Was the Sean Bell Verdict Justice Served?

As we reported this morning, the three New York City police officers charged in the 50-bullet shooting death of an unarmed black man, Sean Bell, have just been found innocent of all charges.

In the November 2006 incident Bell, 23, was shot along with two friends after his bachelor party at a strip club. The judge in the case cleared two officers of manslaughter and other charges and a third of reckless endangerment in the death.

Following the reading of the verdict this morning, passionate responses on both sides broke out. Some supporters of Bell stormed out of the courtroom, followed by screams in the hallway moments later. The three detectives — Gescard F. Isnora, Michael Oliver, and Marc Cooper — were escorted out of a side doorway, and outside a huge crowd gathered among a throng of police officers.

The defendants waived their right to a jury, leaving the decision to the judge. He said in his verdict, “the police response with respect to each defendant was not found to be criminal. The people have not proved beyond a reasonable doubt” that each defendant was not justified in shooting.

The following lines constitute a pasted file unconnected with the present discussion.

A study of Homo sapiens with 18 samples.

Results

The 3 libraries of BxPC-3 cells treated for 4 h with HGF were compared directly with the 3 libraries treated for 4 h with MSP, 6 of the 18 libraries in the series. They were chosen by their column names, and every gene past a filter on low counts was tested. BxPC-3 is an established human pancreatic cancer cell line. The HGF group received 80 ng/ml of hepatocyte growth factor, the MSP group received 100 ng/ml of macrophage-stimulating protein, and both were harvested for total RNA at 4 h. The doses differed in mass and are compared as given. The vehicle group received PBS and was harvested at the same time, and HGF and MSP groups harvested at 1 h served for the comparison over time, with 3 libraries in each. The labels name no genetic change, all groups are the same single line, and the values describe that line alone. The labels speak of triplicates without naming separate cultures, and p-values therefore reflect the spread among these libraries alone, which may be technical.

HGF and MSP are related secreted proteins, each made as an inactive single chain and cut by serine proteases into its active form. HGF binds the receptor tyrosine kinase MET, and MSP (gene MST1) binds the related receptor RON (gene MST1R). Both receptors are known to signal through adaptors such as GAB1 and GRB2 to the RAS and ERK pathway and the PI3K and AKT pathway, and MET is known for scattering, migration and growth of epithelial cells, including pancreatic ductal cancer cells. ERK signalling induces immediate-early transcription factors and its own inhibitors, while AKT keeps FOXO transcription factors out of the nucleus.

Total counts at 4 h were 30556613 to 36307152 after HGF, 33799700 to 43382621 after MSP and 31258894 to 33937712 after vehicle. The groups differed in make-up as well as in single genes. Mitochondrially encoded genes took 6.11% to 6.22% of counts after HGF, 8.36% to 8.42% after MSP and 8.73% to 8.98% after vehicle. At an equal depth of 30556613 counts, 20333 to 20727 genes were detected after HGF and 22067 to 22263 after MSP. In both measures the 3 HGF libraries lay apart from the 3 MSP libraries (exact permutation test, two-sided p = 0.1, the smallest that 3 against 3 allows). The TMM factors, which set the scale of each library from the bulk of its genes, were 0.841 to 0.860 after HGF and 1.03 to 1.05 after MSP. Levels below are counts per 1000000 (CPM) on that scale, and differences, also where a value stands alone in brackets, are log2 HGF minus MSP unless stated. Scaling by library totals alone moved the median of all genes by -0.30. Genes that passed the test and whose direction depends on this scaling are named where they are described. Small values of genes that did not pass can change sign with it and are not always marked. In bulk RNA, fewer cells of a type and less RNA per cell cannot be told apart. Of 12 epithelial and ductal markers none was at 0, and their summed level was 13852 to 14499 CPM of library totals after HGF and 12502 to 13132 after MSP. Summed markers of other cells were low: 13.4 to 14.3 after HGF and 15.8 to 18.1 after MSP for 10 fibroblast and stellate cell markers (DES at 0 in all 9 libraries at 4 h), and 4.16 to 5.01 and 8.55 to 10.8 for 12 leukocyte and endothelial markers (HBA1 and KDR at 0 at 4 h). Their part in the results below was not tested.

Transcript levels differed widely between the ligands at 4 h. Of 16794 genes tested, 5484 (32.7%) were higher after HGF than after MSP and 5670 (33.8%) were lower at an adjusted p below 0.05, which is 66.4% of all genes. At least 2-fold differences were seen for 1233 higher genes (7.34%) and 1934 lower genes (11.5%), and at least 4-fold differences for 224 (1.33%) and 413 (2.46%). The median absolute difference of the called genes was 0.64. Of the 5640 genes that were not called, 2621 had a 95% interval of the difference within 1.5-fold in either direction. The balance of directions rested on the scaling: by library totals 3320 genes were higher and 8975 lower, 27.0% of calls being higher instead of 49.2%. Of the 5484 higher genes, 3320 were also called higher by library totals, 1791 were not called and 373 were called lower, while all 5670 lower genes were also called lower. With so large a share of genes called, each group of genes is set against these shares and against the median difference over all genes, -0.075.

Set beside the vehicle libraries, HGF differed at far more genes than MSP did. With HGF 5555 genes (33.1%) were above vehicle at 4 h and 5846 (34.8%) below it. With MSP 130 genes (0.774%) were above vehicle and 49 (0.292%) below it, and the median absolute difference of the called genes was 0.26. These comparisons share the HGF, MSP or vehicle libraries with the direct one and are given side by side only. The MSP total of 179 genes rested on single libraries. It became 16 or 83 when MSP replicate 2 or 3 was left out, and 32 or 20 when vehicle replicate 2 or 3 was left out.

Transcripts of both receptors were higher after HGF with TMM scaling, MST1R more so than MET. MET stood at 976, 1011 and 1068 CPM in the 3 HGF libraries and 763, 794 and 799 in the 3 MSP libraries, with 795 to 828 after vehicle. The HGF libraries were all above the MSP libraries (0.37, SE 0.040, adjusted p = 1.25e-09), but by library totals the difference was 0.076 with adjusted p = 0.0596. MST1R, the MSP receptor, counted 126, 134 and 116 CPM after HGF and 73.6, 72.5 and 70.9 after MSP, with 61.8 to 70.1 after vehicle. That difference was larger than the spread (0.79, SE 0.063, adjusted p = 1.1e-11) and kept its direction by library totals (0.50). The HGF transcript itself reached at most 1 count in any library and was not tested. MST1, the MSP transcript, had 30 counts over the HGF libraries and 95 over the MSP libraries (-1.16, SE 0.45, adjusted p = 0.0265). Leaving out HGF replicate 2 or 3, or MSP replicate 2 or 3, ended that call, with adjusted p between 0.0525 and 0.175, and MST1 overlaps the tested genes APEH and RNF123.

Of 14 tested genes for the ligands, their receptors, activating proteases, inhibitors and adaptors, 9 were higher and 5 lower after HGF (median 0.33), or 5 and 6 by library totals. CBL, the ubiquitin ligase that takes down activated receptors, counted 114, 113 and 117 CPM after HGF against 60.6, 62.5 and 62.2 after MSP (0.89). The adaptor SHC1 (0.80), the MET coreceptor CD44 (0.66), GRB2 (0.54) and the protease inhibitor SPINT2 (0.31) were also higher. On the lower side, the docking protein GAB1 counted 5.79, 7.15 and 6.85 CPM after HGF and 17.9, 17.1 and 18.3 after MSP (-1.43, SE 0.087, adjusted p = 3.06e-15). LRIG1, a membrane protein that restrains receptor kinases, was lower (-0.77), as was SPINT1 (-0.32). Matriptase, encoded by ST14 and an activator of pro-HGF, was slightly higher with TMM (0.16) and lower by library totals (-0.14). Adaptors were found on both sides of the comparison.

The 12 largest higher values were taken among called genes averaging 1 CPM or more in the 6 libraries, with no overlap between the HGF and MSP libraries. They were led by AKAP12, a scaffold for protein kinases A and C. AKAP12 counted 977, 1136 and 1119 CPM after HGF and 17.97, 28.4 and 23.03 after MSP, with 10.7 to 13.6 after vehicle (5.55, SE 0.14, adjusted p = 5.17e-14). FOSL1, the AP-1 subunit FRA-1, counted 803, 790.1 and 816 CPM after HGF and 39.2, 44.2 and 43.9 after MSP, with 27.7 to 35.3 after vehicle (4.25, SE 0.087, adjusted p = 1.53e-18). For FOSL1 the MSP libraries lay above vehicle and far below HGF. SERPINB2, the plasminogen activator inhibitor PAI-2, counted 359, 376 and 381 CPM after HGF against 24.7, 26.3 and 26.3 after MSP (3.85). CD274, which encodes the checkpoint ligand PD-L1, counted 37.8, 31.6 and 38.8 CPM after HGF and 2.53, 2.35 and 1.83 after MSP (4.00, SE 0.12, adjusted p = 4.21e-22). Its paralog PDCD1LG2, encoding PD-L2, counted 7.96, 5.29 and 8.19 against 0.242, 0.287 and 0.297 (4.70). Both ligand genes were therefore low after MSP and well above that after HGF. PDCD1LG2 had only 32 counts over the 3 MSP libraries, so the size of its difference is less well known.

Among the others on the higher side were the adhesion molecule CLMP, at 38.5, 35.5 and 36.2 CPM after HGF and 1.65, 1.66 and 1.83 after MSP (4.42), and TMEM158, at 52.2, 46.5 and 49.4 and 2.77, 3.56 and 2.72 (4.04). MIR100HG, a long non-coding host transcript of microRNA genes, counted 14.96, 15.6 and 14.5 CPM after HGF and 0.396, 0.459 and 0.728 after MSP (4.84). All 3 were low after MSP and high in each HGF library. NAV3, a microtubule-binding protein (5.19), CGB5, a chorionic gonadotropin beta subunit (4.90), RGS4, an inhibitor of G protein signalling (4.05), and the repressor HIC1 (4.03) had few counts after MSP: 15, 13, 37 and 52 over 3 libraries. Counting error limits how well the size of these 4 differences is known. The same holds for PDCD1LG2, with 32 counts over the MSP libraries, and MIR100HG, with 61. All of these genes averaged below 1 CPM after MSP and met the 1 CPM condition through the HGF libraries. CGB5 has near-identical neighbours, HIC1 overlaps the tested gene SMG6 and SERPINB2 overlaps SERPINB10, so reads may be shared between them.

New York Mayor Michael Bloomberg said:

There are no winners in a trial like this. An innocent man lost his life, a bride lost her groom, two daughters lost their father, and a mother and a father lost their son. Judge Cooperman’s responsibility, however, was to decide the case based on the evidence presented in the courtroom. America is a nation of laws, and though not everyone will agree with the verdicts and opinions issued by the courts, we accept their authority. There will be opportunities for peaceful dissent and potentially for further legal recourse — those are the rights we enjoy in a democratic nation. We don’t expect violence or law breaking, nor is there any place for it.

Is Bloomberg right? Was the case fairly decided by the judge? Will any dissent to the verdict remain peaceful?